By Teachers, For Teachers
When you're using tech in the classroom, even if it's as simple as formatting a Word doc, tech support can overtake any lesson you're trying to teach. It's even worse when you need just as much help as your students.
Here are some tutorial resources that can keep you and your students on the right track.
In my role as a District Instructional Technologist, I am responsible for the technology training for our central office staff and school-based administrator trainings. I love my job, but sometimes it can be frustrating trying to meet the needs of everyone.
I find myself in a constant search for for ways to give teachers instruction that they can do on their own or in groups, together. These are not meant to replace the face-to-face training that I do or the other resources I create. They are merely there to provide that additional information some teachers/staff need.
In the past, I have blogged about TechEase.This is a great training resource out of the University of South Florida that provides teachers with basic information on how to do everything from burning CD's to using email to hardware/software troubleshooting. While I love this site, I needed something easy to follow and understand to help give teachers a leg up on specific software they use in their classroom.
Thankfully, I found a website that does exactly that: In Picture. According to their website, the In Pictures project was created as a research project for the U.S. Department of Education, with the ultimate goal of providing easy to use computer tutorials to students and adults with learning disabilities.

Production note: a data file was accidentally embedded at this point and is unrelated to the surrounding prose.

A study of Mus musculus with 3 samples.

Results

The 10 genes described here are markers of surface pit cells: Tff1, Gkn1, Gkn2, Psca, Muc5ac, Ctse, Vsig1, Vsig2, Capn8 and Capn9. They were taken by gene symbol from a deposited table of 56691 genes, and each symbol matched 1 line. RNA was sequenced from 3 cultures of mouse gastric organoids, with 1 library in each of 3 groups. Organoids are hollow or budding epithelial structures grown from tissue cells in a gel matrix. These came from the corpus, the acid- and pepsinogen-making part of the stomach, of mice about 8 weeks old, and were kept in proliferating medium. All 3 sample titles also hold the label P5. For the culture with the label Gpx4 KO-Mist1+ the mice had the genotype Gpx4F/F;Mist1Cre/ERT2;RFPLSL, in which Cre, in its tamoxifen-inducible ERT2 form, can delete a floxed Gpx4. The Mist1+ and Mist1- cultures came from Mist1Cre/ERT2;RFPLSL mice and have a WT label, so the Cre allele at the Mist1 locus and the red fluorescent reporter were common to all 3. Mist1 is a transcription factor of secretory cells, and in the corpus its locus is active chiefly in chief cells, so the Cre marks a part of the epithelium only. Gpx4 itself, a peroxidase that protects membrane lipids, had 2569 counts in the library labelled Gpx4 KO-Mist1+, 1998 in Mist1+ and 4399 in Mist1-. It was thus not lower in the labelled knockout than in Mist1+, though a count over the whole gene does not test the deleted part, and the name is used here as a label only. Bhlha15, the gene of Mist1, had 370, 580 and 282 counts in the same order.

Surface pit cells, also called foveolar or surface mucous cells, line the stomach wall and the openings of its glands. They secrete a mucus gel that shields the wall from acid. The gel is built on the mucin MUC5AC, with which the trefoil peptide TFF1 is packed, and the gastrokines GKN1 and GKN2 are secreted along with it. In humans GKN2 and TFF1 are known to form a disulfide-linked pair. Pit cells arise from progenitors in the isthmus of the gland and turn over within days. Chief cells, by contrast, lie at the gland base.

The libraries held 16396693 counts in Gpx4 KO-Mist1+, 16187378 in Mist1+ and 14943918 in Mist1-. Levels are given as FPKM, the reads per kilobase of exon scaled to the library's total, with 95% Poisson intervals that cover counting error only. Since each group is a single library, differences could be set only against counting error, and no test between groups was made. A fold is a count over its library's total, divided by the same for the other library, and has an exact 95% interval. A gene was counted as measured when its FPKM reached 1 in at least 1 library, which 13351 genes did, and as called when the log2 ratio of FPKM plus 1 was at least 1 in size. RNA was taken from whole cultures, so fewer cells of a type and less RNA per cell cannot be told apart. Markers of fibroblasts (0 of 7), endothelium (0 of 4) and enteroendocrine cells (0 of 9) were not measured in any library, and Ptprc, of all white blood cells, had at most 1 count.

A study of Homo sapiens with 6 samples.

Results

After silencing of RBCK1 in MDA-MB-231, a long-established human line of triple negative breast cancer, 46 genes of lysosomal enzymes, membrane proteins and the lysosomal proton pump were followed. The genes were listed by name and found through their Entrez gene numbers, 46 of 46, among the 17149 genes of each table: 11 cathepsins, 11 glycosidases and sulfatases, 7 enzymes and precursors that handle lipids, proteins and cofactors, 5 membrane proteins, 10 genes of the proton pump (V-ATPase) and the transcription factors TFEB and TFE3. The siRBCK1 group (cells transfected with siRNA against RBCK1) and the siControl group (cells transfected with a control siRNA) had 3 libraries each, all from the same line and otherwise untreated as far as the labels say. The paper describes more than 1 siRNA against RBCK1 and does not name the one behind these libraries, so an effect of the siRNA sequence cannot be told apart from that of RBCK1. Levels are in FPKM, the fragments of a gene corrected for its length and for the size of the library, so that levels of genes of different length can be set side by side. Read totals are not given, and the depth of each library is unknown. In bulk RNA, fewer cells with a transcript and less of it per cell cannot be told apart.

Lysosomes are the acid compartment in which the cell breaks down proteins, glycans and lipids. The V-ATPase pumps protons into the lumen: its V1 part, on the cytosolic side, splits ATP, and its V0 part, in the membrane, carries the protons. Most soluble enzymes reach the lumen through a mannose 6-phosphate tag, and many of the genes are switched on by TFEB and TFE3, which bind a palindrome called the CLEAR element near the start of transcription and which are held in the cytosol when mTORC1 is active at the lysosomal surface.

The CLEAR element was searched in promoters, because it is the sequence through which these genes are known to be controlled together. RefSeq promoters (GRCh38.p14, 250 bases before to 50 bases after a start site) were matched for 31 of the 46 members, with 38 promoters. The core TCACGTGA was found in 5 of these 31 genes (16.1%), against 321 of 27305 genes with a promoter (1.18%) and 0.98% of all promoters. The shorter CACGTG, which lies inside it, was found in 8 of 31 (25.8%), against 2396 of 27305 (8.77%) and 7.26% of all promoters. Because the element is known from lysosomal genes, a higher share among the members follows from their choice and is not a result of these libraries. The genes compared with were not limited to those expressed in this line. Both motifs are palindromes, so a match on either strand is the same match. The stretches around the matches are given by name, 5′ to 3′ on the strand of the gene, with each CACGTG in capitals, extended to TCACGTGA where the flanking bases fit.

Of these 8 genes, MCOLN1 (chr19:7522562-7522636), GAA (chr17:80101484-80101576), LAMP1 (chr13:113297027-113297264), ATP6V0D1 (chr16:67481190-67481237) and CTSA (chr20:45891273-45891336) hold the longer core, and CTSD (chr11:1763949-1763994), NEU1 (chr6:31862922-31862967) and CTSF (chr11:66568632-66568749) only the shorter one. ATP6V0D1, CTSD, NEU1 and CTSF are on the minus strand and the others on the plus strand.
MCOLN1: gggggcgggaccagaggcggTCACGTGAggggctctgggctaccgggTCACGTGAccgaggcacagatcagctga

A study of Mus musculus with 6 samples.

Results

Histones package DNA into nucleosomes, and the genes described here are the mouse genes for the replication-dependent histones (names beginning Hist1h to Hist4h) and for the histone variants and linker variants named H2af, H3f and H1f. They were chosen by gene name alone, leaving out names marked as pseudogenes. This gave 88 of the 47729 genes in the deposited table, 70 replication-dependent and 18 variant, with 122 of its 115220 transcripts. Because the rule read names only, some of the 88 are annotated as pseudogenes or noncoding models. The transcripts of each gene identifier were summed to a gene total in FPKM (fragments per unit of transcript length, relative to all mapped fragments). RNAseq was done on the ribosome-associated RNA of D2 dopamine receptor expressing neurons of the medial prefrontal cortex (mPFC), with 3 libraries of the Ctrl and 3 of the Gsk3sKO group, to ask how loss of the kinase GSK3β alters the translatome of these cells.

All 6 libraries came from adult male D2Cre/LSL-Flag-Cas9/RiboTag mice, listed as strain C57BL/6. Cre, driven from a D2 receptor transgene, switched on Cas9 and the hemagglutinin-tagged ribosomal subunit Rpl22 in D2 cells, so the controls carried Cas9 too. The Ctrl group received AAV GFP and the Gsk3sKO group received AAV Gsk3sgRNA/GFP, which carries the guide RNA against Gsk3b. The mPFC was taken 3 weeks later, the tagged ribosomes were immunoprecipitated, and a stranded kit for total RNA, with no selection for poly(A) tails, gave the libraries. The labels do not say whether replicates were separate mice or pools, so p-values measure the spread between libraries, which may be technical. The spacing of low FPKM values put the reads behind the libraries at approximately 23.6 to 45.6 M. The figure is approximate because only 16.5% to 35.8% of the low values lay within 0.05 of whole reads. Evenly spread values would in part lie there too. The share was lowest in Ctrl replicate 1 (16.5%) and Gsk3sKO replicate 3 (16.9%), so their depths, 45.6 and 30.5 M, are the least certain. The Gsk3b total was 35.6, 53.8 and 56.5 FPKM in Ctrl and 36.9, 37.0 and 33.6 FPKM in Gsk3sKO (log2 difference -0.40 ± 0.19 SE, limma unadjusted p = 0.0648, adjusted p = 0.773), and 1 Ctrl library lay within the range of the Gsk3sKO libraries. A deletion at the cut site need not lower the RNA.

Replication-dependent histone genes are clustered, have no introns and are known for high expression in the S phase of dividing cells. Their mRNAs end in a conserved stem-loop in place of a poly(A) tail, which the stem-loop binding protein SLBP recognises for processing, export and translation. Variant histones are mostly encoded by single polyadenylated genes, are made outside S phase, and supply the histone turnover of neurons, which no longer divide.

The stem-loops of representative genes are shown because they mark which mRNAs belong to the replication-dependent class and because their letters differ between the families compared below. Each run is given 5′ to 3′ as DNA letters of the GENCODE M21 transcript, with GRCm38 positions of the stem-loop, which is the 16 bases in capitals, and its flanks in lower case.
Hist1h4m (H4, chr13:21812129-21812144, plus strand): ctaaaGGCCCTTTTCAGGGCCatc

What It Offers
The site contains tutorials for:
In Picture Tutorial Approach
Their approach is what makes this site stand apart from all the others. Quoting from their website:
Where's the Snazzy Stuff? So where are the color screenshots? The cartoon characters? The video animations? We don't use these things, because our research showed us that:
Tutorials should be as simple as possible. Multimedia animations may look nifty, but they can be hard to follow. That's why these
tutorials use static screenshots.
Color screenshots can create a "kaleidoscope" effect that makes it difficult to focus. Black-and-white doesn't. That's why these tutorials use black and white screenshots.
Below is an example snapshot of a tutorial on Microsoft PowerPoint.
I have already had several people tell me that they learned more going through the tutorials on this site then in any previous workshops they had. They were able to move at their pace and work side-by-side in the program and the tutorial. The screenshots and wording make this very easy to follow.
Overall, this is a site that I will be sending teachers to for those refreshers they sometimes need, and hey, why not use it with students? Head on over to In Pictures and learn something new today!
What style of tutorials do you prefer? Share in the comments section below!